Source: Zim: Orwell’s Animal Farm reincarnated – NewsDay Zimbabwe 29 FEB, 2020
Stir the pot: Paidamoyo Muzulu
SATIRIC George Orwell novel Animal Farm has received classic status in literature. Millions have read the polysemic text, set on an imaginary farm where animals took over from the owner, Mr Jones, after a short struggle to create a co-operative farm.
What matters most in the book after going through it is the deferred dream, a mirage of freedom and the deception of the pigs to their fellow animals.
It is the pigs reincarnation of the system that it had promised to wipe out, their desperate attempt to mimic or even outdo Mr Jones in abusing the other animals.
Some animals immediately after the short revolution took command of the co-operative farm, creating a class system, some preferential treatment and mostly exceptional favours for the pigs who naturally became the leaders and to some extent, the dogs that became a private militia to protect pigs from being held accountable by other animals.
Since the November 2017 coup that toppled the late former President Robert Mugabe, the new military-backed regime has slowly, but surely lost the novelty, associated competence and the liberator tags that were heaped on them in the euphoria of Mugabe’s political demise after a 37-year rule at the top of the country’s politics.
Apples and wine were some of the most coveted food that nearly every animal wanted to partake of.
These two represented the height of political arrival, the zenith of luxury in the animal kingdom.
Curiously and deceptively, the pigs started having apples and wine under the guise that the two were good for the brains.
It is a self-evident truth that challenges or troubles are the real test of friendship or solidarity.
As soon as Zimbabwe hit the turbulent economic waters, the façade of people’s leaders cracked, exposing their nasty faces.
The reality is sinking in, and the colours of the regime are being raised on the mast.
On Tuesday, the regime continued on its thrust of re-establishing the class system when it announced a novel idea of garrison shops in cantonment areas.
These are shops where the uniformed forces would be able to purchase subsidised basic commodities.
The uniformed forces, in one stroke, have become a special class, a class that should not be bothered to get into winding queues with the plebeians — commoners.
It remains to be seen if the “special class” will have their own special schools for their children, fuel service stations and probably dedicated water and electricity supplies.
These are the same issues troubling the commoners and really the special class needs these essentials.
I scratched hard to find any concrete reason why the uniformed forces should be in the “special class”.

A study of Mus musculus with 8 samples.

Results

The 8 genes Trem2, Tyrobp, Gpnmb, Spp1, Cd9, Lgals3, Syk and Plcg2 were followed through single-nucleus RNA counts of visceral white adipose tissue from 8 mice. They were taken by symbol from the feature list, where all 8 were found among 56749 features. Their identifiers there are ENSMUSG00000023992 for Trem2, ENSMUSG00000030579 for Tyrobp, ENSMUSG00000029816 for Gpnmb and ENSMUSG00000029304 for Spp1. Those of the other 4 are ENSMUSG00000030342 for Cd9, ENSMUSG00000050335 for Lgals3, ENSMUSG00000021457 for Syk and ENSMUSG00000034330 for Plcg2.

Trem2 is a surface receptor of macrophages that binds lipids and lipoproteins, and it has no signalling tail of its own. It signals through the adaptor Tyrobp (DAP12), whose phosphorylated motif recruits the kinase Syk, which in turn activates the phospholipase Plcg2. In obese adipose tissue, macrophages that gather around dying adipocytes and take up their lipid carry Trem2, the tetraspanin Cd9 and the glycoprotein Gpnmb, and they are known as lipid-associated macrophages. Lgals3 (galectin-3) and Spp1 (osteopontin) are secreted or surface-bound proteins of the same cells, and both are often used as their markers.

Wow, the pictures flashed across my mind — pictures of the forces supporting the regime change in November 2017, the special class defending the regime in August 2018 and January 2019.
On reflection, it dawned on me that they deserve the special treatment or else it would be bloody if they turn the guns on the regime.
The experiment is unsustainable in the long run. However, it gives the regime some breathing space — space to experiment their economic solution made from Washington and delivered by Oxford son, Finance minister Mthuli Ncube.
This is a trying period when everything is fluid and investors are sceptical — except if they are into fly-by-night investments.
In January this year, President Emmerson Mnangagwa was categoric that the commoners should not whine about not affording meat.
He told a rally in Harare’s Kuwadzana high-density suburb that if they could not afford beef, they have to consider being vegetarians, eating vegetables and potatoes.
It may have been delivered in a jocular manner, but the effect was not missed — this was a regime that thinks little of the common man unless you wield a gun.
Ncube and central bank governor John Mangudya on various fora have said the austerity measures implemented in 2018 and 2019 have been successful.
I will not dare question the dons, but the sobering figure that only 200 persons or entities control over 50% of the bank deposits in a country of 16 million people speaks volumes.
They have successfully impoverished the citizens, making them ready to accept any neoliberal solutions such as privatisation of national resources, zero-hour contracts by employers and a screeching stop to their dreams of social climbing via education.
If the military is happy, the regime can breathe and sleep peacefully. Their tactics of divide and rule may have worked for now.
One cannot help the Zimbabwean situation where change has, at most, been ephemeral since November 2017, but quote Orwell in concluding: “The creatures outside looked from pig to man, and from man to pig, and from pig to man again; but already, it was impossible to say which was which.”
Paidamoyo Muzulu is a journalist and writes here in his personal capacity.